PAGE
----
High Rising Terminal. Heard of it? No? Well, if you haven’t heard of the term, don’t worry yourself unduly; it’s not all that well known. What is probably more than likely is that you have actually heard it. God, if you’re especially unfortunate you might be one of those individuals who is actually deliberately using it. Confused? Allow me to explain!
‘High Rising Terminal’ is the official name given to a feature of some English speaking accents. According to a quick internet search it is also known as ‘upspeak’ ‘uptalk’, ‘rising inflection’ or ‘high rising intonation’. Upspeak is a vaguely disturbing term actually, and reminds me of something out of Nineteen Eighty-Four! It’s also been called ‘Australian pronounciation syndrome’ or something similar. This particular speech trend is a natural feature of some Australian and American accents it would seem.
So what’s it all about? I’m obviously building up to something here. Well, this speech feature appears to have filtered its way down (up?) through society to the point were people who had a completely different speech pattern at one time, now insist on ending every other sentence as if it’s a question. There is a distinct high tone of eccentuated syllable at the end of the sentence, as you would stress if making an inquiry. What annoys me the very most, is that most times these individuals are not asking a question, and end up sounding indistinct and unsure. Now, maybe it’s an aspect of accent designed to keep the other person involved in the conversation, as a prompt; I’m not sure. That could be a positive thing, but it often it just smacks of insecurity and cloudy communication, where a definite statement is required. Maybe it’s a depressing sign of the times.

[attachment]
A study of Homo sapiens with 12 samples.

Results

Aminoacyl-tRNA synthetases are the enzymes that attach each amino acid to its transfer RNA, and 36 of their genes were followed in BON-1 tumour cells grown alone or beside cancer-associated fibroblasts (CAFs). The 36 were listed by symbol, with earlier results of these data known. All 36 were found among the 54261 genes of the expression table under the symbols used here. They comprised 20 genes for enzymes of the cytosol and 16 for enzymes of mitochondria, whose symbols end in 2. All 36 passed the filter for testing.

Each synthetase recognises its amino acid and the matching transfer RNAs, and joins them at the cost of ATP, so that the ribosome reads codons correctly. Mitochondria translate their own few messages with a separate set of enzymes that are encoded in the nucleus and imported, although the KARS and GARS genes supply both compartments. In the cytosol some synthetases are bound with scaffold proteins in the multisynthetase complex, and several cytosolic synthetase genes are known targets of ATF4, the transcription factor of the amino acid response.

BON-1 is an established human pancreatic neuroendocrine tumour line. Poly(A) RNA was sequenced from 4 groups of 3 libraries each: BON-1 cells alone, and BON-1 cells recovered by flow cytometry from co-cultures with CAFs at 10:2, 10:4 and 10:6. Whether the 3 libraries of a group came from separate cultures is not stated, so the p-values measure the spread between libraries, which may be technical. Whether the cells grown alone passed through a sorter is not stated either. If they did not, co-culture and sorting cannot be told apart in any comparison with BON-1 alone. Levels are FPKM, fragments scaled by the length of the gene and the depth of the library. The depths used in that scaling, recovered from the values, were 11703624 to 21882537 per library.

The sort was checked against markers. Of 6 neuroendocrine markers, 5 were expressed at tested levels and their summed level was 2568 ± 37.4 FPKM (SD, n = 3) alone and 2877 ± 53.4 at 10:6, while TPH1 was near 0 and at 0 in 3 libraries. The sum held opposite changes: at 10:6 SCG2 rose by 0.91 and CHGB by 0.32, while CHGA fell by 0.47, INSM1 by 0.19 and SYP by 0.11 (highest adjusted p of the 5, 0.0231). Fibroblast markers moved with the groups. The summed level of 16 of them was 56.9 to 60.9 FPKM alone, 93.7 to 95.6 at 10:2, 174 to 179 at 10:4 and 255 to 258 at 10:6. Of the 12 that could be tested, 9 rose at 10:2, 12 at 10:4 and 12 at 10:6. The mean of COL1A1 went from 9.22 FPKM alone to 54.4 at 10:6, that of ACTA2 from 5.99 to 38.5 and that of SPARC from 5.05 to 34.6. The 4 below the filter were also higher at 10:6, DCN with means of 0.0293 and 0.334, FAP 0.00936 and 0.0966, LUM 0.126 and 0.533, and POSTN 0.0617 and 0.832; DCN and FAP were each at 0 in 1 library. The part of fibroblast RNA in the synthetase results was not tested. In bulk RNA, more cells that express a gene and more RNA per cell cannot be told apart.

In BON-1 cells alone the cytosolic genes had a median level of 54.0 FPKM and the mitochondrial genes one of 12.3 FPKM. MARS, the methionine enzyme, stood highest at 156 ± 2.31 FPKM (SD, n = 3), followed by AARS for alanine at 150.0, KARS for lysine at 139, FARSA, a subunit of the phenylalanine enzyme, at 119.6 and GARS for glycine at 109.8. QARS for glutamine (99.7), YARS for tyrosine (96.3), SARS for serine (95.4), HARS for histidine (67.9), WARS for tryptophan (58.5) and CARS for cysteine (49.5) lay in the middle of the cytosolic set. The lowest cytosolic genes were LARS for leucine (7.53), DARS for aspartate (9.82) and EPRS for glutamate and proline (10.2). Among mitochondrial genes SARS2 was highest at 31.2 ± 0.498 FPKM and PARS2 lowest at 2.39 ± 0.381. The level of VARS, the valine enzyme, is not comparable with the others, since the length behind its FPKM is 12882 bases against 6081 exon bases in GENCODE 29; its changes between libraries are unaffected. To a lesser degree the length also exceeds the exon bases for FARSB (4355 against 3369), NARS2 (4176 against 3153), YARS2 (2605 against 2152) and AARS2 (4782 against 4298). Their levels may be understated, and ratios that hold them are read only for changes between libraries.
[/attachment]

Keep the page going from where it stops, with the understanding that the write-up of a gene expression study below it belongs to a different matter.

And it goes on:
While some accents have a natural leaning to this, it seems to have been adopted by English speakers from nations whose accent does not have this hallmark. What’s it all about? Has years of watching Neighbours finally contaminated the British public? I’m not sure about the Australian influence to be honest. There seems to be a suggestion in the way certain people talk, that this trend is a deliberate attempt to sound sophisticated and intelligent. You can’t fake those things though. What it does for most of us, is take the emphasis away from what the person is saying and the result is a very irritating speech pattern, completely jarring with what is being said. Unless you belong to a social group that all talk like this, presumably. More people under about 25 appear to be talking this way, which is a worry. I work with at least two people who do it, and I often forget the point of what they’re saying. So, is our future one of inappropriate pronounciation and emphasis? After one generation had to make a concerted effort (yes, effort, God help us) to sound like this, will future offspring be raised to speak like this ‘naturally’?!
No one seems to be sure where HRT originated, but it sounds as if it’s here to stay. As young as I may still be, if I was really young, I might have adopted this trend without much question. As it is, I belong to the hopefully majority group who don’t talk this way, because I’d have to had made a deliberate, focused change in my speech to do so. It doesn’t make a great deal of sense to me? (Haha, see what I did there?…) Jesus, it’s annoying.
Basically, unless you’re from Bristol or East Anglia (apparantly) you have no excuse to be talking this way if you were raised in the UK. I can only comment on my home country; I can’t bear to think what frustration this trend is causing elsewhere.
Frankly, if the revered Family Guy has taken the piss out of it, and a Brit national treasure like Stephen Fry is complaining about it, then no one should really be trying to talk like this at all. High Rising Terminal- it doesn’t make you sound intelligent and cosmopolitan, it just makes you sound confusing and confused, and damn irritating to boot. Unless you’re from Australia or California, possibly.
Or should that be, unless you’re from Australia or California????